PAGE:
There's a long history of sea-serpent sightings off the coast of New England.
A flurry of sightings occurred in August 1817, when fishermen in Gloucester, Massachusetts witnessed a giant sea creature
with a horned head ("much like the head of a turtle... and larger than the head on any dog") swimming in the ocean. A local scientific society launched an investigation and concluded that the creature might be a previously unknown species, Scoliophis atlanticus
(Atlantic humped snake). However, skeptics denounced the sightings as a hoax.
Broadsheet sold by Henry Bowen of Boston - Aug 22, 1817
As the years passed, reports of a sea serpent continued to trickle in. But it was in 1937 that the New England Sea Monster returned to the nation's headlines in spectacular fashion.
The excitement started in early August of that year when fisherman Bill Manville rushed in to the office of the Nantucket Inquirer & Mirror
claiming he had seen a "green sea monster — which reared its head several times off his starboard bow before turning seaward." He elaborated that the creature was about one hundred feet long with a head like a barrel and red-rimmed glaring eyes the size of dinner plates.
The report of Manville's sighting got picked up by the news wires and ran in papers throughout the country.
Charleston Daily Mail
- Aug 8, 1937
Some in Nantucket suggested that Manville might have been "seeing things," but his sighting was seconded a day later by amateur fisherman (and teetotaler — as the local paper was quick to point out) Gilbert Manter, who saw the creature while he was fishing for bluefish off Smith's point.
Manter said that the creature "looked like a combination snake and whale, with a head much bigger than the neck." He added that it was grayish green with "sort of a horned head" and was "something like 120 feet long and stood up at least a dozen feet out of the water."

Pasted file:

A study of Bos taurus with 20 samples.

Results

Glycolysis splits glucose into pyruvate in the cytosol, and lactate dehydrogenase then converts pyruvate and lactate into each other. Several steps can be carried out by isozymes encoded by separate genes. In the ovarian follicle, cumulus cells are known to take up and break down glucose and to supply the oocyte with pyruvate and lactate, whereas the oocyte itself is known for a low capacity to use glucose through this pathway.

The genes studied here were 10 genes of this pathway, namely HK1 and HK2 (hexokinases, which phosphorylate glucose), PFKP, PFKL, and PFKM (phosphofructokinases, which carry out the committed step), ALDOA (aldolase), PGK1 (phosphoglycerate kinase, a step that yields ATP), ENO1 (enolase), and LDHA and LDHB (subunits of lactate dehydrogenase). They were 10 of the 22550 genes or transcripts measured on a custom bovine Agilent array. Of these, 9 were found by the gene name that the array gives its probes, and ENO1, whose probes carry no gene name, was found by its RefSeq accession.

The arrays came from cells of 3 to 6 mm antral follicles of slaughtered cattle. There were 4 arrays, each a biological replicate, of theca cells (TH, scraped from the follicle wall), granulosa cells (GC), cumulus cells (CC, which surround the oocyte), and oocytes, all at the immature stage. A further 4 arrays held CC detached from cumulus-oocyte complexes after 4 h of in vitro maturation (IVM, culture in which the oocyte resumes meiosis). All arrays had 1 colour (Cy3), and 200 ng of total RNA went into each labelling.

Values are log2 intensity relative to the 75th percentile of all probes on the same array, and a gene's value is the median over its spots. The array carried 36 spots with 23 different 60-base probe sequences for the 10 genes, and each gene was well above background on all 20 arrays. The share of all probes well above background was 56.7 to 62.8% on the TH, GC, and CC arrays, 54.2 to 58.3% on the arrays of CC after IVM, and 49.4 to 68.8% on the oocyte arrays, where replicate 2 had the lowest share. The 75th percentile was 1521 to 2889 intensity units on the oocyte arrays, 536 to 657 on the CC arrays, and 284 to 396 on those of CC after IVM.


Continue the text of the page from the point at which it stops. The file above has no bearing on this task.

Manter walked down to Madaket Beach the following morning with a friend, Ed Crocker, in the hope of seeing the creature again. They didn't see the monster, but they did find "giant web-footed tracks" in the sand. The prints measured 66-inches long and 45-inches wide.
Photos of the tracks appeared in papers, and copies were sent to scientists in New York City for analysis. However, the scientists proved to be skeptical. Dr. W. Reid Blair, director of the New York Zoological Society, said:
"No marine mammal could have left the tracks as they do not move so much on their flippers as they do on their second joint and on their bellies. Evidence of their passage would be seen on the beach only in a slight indentation. As for a land mammal, there is nothing on Nantucket Island that could leave such large tracks."
But Blair's skepticism proved to be unfounded when, a few days later, the sea serpent itself, in its entirety, washed ashore. It was indeed about 120 feet long, with large teeth. However, it had no horn on its head.
It was also a giant, inflatable balloon.
The Nantucket Sea Serpent was revealed to have been an elaborate publicity stunt designed to get Nantucket in the news. The "monster" had been designed by Tony Sarg
, the puppeteer in charge of Macy's Thanksgiving Day Parade in New York City.
After stirring up interest with the initial "sightings" (done with the collusion of the local paper), Sarg and his crew put the monster balloon in the water at Coatue beach, hoping to land it at the Jetties. But the balloon veered off course, landing instead at South Beach on Washington Street.
Tony Sarg poses with the monster
Large crowds turned out to see the unusual sight, which remained in place for several weeks. Numerous photographs of the sea serpent on the beach have been preserved by the Nantucket Historical Association.
The Nantucket promoters reportedly felt that the stunt was a resounding success and congratulated each other for the "cash value of the space" obtained in the press for Nantucket.
The monster made another appearance a few months later, floating above the streets of Manhattan, when it participated in the Macy's Thanksgiving Day Parade.
- "Tony Sarg's Sea Serpent in Nantucket 1937," Nantucket Historical Association, Flickr photo set.
- Holidays on Display: Building the modern parade. National Museum of American History.
- Grieder, JE & Charnes G. (2012). Nantucket. p.92.
- MacDougall, C.D. (1940). Hoaxes. The Macmillan Company. p. 256.
- "Seein' things at Nantucket, Mass., Again," (Aug 11, 1937). The Hammond Times.
- "Nantucket Monster Sighted By Two Men," (Aug 11, 1937). Logansport Pharos-Tribune.
- "The Nantucket Sea Serpent Exposes and Derided," (Oct 31, 1937). The Helena Daily Independent.